This is a collaborative post with RCI Bank.
Life is for living. When we first moved to the country, we were on a super tight budget. But more recently, in our 40s, we’ve been able to save more, and then enjoy spending some of it!
To me, saving isn’t about deprivation. It brings the freedom for us to afford experiences like holidays, home improvements and special meals. I really value that time together, rather than acquiring yet more material possessions.
Turns out we’re not the only people enjoying ‘lifestyle upgrades’ as we get older.
More than two thirds of over 40s have made lifestyle upgrades over the last five years, according to research from RCI Bank. A third were keen to get away, whether taking more holidays, upgrading flights or staying in better hotels. Fancier cars, nicer restaurants, premium supermarket ranges and premium beauty products were also popular.
So check out my savvy spending tips and savings hacks so you can make the most of your money – and add a little luxury for less!
How to spend less on lifestyle upgrades
Here are my top tips to cut the cost of my four favourite lifestyle upgrades:
1. Nabbing holidays for less
Holidays don’t have to be super long haul, or even super long, to make a difference. This year my husband and I celebrated birthdays by heading off for dinner and a night away at special hotels. Now the children are older, it’s easier for generous grandparents to look after them over night. I blogged about our stay at The Ickworth Hotel from Buyagift, and we’ve also taken advantage of hotel stays with added extras via offpeakluxury.com.
If you’re looking further afield, head to Google Flights, to find the cheapest days in the month for different destinations. Then try Skyscanner and Momondo, to see if you can cut the air fares further.
I’ve also joined Jack’s Flight Club, for emails highlighting cheap fare deals, discounted flights and error prices.
2. Seizing set menus
Eating out is a special treat for us, so I’d rather find an offer at a good restaurant than settle for somewhere mediocre.
That’s where set menus come in. You can often get a great deal especially if you’re willing to book at less popular times. Think mid week, earlier in the evening, maybe lunch rather than dinner, or the days either side of Valentine’s Day. Back in London, for example, I looked forward to the January offers at D&D restaurants in the Evening Standard, while nowadays I check out local gastro pubs and hotels.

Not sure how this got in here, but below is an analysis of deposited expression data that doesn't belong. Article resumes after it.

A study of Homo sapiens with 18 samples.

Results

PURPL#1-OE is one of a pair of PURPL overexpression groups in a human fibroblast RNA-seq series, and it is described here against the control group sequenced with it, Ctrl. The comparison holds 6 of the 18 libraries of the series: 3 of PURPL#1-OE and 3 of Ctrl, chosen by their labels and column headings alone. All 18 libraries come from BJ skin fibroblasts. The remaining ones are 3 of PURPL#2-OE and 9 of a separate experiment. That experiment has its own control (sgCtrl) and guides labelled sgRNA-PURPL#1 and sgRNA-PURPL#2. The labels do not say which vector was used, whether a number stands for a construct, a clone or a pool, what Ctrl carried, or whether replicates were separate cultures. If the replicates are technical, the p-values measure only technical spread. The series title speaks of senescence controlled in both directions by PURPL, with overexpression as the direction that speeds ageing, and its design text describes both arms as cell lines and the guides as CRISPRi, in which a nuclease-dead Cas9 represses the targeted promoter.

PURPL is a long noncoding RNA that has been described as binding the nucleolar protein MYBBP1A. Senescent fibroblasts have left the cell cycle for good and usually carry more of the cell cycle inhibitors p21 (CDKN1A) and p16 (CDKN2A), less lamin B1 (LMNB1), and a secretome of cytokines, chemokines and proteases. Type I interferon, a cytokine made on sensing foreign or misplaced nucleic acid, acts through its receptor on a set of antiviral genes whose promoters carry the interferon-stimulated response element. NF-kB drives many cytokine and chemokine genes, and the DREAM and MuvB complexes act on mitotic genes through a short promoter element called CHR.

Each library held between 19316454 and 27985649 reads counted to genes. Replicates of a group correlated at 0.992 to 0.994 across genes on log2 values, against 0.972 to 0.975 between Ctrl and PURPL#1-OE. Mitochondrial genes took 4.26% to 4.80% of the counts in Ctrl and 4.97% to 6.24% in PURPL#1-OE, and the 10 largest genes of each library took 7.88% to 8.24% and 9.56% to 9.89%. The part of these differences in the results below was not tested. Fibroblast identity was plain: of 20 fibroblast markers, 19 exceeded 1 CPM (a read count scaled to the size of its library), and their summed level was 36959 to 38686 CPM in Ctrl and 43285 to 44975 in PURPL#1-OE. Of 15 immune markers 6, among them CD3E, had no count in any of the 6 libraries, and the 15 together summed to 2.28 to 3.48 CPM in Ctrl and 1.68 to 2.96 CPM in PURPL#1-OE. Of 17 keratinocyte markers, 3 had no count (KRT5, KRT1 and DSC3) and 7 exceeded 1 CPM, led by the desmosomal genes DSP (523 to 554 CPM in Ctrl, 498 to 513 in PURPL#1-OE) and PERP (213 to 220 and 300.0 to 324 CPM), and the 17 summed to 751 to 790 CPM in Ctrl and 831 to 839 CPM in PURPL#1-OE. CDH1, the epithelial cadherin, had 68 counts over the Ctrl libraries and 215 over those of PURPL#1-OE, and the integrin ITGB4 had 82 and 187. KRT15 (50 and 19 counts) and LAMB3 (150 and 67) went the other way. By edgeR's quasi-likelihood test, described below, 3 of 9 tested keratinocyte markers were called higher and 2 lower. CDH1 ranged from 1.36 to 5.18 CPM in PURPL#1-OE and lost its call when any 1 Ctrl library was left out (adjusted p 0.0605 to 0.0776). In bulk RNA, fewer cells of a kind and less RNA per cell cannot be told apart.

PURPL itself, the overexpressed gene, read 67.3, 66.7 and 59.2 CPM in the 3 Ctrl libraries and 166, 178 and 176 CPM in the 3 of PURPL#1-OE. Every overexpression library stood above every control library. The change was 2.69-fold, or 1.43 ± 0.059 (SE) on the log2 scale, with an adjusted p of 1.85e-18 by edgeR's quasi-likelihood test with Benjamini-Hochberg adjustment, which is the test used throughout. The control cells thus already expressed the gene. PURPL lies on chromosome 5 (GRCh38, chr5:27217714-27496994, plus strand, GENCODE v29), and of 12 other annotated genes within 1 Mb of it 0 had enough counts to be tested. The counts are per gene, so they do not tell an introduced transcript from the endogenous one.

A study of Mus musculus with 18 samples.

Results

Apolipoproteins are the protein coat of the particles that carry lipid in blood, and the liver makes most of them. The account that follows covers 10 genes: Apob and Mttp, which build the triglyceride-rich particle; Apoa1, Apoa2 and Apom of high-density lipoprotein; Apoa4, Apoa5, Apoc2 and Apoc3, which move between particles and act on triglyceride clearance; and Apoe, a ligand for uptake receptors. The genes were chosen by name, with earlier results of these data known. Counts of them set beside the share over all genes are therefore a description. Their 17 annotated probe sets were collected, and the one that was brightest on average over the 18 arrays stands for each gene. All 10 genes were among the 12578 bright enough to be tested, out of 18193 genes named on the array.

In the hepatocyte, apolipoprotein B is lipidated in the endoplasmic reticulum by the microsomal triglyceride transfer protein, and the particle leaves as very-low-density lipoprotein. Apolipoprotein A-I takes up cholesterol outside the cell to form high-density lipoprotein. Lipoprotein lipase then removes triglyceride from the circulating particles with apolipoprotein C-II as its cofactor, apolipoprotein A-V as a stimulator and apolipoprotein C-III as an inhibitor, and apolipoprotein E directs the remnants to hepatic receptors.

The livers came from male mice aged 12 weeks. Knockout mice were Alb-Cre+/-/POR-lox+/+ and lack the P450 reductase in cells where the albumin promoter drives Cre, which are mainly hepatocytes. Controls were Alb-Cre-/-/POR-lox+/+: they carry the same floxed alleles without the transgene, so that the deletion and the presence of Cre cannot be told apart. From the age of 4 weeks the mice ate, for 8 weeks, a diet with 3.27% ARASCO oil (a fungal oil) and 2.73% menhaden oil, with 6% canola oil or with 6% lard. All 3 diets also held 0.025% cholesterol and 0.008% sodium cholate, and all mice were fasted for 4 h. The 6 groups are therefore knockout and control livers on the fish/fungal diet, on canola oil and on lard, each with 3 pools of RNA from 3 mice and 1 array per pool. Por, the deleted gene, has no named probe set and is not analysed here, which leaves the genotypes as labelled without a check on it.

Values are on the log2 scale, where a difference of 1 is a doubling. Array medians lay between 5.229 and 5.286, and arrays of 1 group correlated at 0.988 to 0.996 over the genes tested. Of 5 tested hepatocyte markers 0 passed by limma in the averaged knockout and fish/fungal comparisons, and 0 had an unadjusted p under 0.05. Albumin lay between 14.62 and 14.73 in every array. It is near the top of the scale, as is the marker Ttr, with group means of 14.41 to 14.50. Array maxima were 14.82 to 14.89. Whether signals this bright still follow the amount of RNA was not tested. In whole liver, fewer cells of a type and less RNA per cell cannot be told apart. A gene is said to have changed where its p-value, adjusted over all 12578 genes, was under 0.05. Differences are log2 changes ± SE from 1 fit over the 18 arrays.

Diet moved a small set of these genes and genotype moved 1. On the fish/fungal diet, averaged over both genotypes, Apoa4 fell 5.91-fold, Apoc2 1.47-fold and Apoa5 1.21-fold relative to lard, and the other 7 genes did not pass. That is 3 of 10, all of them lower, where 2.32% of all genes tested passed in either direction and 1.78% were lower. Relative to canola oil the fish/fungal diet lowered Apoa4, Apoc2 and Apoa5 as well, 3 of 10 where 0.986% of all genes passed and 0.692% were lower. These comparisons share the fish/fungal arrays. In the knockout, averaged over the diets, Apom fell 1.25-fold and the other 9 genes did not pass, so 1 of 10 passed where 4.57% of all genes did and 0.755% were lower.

Then go easy on the extras if you want to stick to budget – alcohol can be particularly pricey, so we order wine by the glass, rather than by the bottle.
3. Cooking up a storm
Home cooking is almost always less expensive than eating out, and you can still save money even if you splash out on special ingredients, such as our 10thanniversary meal. I’m a big fan of short-dated yellow-stickered food from the reduced shelves. It means I can swoop on more expensive meat, fish and veg, such as salmon and sugar snap peas, to be eaten that day or shoved straight in the freezer. I’d certainly rather buy yellow-stickered sausages with a high meat content than value range options at normal price.
Nipping to the supermarket straight after Christmas or Easter can be a great time for bargains on bigger cuts of meat, like our leg of lamb after Easter.
4. Bagging beauty bargains
Confession time. I do still hanker after certain big beauty brands. My solution is to focus on a few good products I’ll really use and request them as Christmas or birthday presents.
If I do end up buying brands like Aveda or Clarins myself, I wait for sales, price match discounts, or offers with extra samples. I also hoard Boots Advantage points to pay.
It’s worth checking newsagent shelves – I’ve had a couple of Rodial mascaras free on the front of magazines!
How to save more for lifestyle upgrades
I like to save up before splashing the cash, rather than slapping purchases on a credit card and hoping for the best.
Fundamentally, I’d rather earn extra money towards fun stuff, as a dollop of interest added to my savings. I resent paying interest and charges when borrowing. There’s so much more I could do with that money!
Sadly, saving rarely happens by accident. RCI Bank found that only 22% of people are saving for their lifestyle upgrades. But the sooner you get your money sorted, the sooner you can enjoy living it up.
If you do want to set money aside for life’s little luxuries, here are my top four tips to turbo charge your savings:
1. Treat saving like a bill
I used to have the best intentions about saving money left at the end of the month. Spoiler alert: often, there wasn’t any. Instead, I recommend setting up a standing order into a savings account, so money goes straight into savings alongside direct debits for your bills.
2. Set up a separate account
Keeping savings in a separate account keeps the money out of sight, so you’re less likely to dip into it. Somehow spare money rolling around in your normal current account is much more likely to get spent!
3. Get paid to save
Interest rates may be low right now, but I’m still keen to earn as much as I can, so I always look out for accounts paying competitive rates.
For example, RCI Bank has an award-winning range of savings accounts, including an easy access account paying 1.41% interest a year, and fixed interest savings accounts which pay up to 2.36% if you can leave your money untouched for longer.
4. Take advantage of tax breaks
The good news is that the Personal Savings Allowance means you can rake in up to £1,000 a year in interest without paying a penny in tax, as a basic rate taxpayer. Even higher-rate taxpayers can earn £500 interest each year tax-free.
Now – over to you. What are your favourite lifestyle upgrades? And what are your tips on saving up for life’s little luxuries?